Feel like time is flying by? Discover how to slow down time with these expert tips to help you to savour life’s precious moments, and live life to the fullest.
We’ve all experienced it – that wonderful summer vacation felt like it whizzed by. Meanwhile, those humdrum days of January stretch like an endless elastic band. Time either speeds by or moves at a snail’s pace.
So, what is it that makes some moments feel more fleeting than others? And is there anything we can do to effectively slow down time and eek out more enjoyment? We asked a few experts.
“Time perception is subjective, it can vary from person to person and situation to situation,” explains Dr. Ryan Sultan, MD., and research assistant Peter Menzi, of Columbia University. “And while we can’t actually alter the fundamental flow of time, we can manipulate our perception of it to make enjoyable moments feel longer.”
According to Dr. Sultan and Menzi, our engagement in and mindfulness of certain moments can significantly impact how we enjoy and experience time, while the novelty of new experiences, emotional factors, and even our age, also play a role.
“When we are fully engaged and attentive to an activity or experience, it tends to make time feel like it's passing more slowly,” they note. “As we age, however, our internal clock may speed up, causing time to feel like it's passing more quickly. This can lead to the sensation that time flies as we get older.”
Dr. Avigail Lev, founder and director of California’s Bay Area CBT Center, agrees that mindfulness may be the key to feeling more in control. “The more present we are, the more flexibility we have to either savour the moment or let it fade away,” she explains.
“When we practise mindfulness and immerse ourselves in the present, we become aware of our senses: what we smell, see, taste, and hear. This mindfulness grants us greater choice in each moment, whether it's to let things go without clinging to them, or to express gratitude and appreciation.”
Dr. Carl Nassar PhD, a professional counsellor based in Denver, has a relatable example to perfectly illustrate this phenomenon. “When I eat a meal, one I really love, I have this bad habit of getting so excited about the food that I eat it quickly,” he shares. “So, I miss out on savouring each bite and really enjoying the experience.”
“If you want to make those good moments last a little longer, see if you can become more available to them,” he says. “Be sure to not to hurry through – really take in the sights and sounds and the feelings; really show up for it. It’s a sure-fire way to extend the positivity of an experience."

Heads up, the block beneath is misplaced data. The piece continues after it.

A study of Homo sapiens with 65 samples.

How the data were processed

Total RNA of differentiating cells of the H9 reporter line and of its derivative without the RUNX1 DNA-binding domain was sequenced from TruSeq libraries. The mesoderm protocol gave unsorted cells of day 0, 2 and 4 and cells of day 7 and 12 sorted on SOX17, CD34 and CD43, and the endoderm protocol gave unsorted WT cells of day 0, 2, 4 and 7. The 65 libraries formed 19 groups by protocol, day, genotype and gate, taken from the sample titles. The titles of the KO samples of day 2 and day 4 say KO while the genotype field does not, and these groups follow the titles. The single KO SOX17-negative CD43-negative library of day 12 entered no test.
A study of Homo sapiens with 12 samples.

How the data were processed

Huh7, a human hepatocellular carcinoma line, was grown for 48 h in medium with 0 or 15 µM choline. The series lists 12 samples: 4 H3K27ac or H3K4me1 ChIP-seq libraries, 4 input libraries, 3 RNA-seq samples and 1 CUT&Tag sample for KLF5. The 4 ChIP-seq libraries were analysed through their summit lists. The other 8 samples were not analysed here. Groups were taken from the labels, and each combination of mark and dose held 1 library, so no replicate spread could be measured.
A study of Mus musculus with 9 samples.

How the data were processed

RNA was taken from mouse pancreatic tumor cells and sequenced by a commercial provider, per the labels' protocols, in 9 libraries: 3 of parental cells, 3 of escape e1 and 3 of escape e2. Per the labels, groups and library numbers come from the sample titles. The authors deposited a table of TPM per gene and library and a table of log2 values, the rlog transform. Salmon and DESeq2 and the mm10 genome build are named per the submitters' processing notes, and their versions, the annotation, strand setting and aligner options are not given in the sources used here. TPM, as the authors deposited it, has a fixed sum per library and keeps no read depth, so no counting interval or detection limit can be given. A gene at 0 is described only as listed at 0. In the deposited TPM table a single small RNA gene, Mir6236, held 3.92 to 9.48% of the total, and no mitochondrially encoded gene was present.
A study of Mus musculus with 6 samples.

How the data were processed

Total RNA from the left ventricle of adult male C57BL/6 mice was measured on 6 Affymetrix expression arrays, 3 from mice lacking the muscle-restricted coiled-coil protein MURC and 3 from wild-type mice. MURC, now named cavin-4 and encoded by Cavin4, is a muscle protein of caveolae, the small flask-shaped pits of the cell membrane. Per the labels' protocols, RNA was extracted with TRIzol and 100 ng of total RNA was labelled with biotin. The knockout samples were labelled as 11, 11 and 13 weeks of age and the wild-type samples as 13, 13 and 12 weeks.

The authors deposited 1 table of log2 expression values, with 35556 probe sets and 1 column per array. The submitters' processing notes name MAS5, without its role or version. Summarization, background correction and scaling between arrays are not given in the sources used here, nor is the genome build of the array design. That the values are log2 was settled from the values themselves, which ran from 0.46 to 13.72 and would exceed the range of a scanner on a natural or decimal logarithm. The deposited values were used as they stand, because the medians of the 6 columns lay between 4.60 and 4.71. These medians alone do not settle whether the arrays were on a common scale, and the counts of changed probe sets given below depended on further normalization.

But what about those achingly uncomfortable moments that we’d really quite like to speed up? Well, Dr. Nassar has a radical suggestion – fully lean into it. “While it sounds paradoxical at first, the surest way to make an unwelcome experience shorter is to welcome it,” he explains.
“The more time each of us spend resisting what is happening, the longer the experience persists. In contrast, if we open our hearts to what is happening right before our very eyes, if we can say to the experience: ‘I wish you weren’t here, but you are here, so I’m going to trust that there is meaning in this moment,’ then we become a seeker of meaning instead of a resistor of reality.”
Ready to take control of your perception of time? Try putting some of these expert tips into action.
Prioritise quality time
“Engaging in activities that elicit strong emotions, such as spending quality time with loved ones or pursuing your passions, can slow down your perception of time,” say Dr. Sultan and Menzi. “These emotionally charged moments are also more likely to be etched in your memory.”
“Multitasking can make time seem to pass quickly, as your brain is divided among various activities,” note Dr. Sultan and Menzi. If you’re trying to speed up a long work day, that may not sound like a bad thing. But if you’re regularly managing your life this way? Try focusing on one thing at a time, so that you can immerse yourself more fully in each moment.
Document your joy
“Techniques such as writing things down, practising mindfulness, indulging in self-compassion meditations, doing progressive muscle relaxation, and expressing gratitude can all help prolong a moment of joy, while also making it more accessible to us in the future,” says Dr. Lev.
Hit pause on social media
“These days we can often spend more time trying to capture a memory for social media, than actually being in the moment and fully experiencing it,” says mentor and life coach Sara Goode. “As soon as we start to think about what we are going to do with a moment, we’ve moved on from actually living it.”
Set goals and celebrate achievements
“Setting and working toward meaningful goals can help you break down time into manageable segments,” say Dr. Sultan and Menzi. “When you achieve these goals, celebrate them and take the time to savour your success.”
Try something new
“Routine activities can lead to a sense of time passing quickly, whereas novel experiences can make time seem to slow down while we engage in something new and exciting,” say Dr. Sultan and Menzi. “Incorporating new experiences, activities, hobbies, or travel into your life can all help break this monotony.”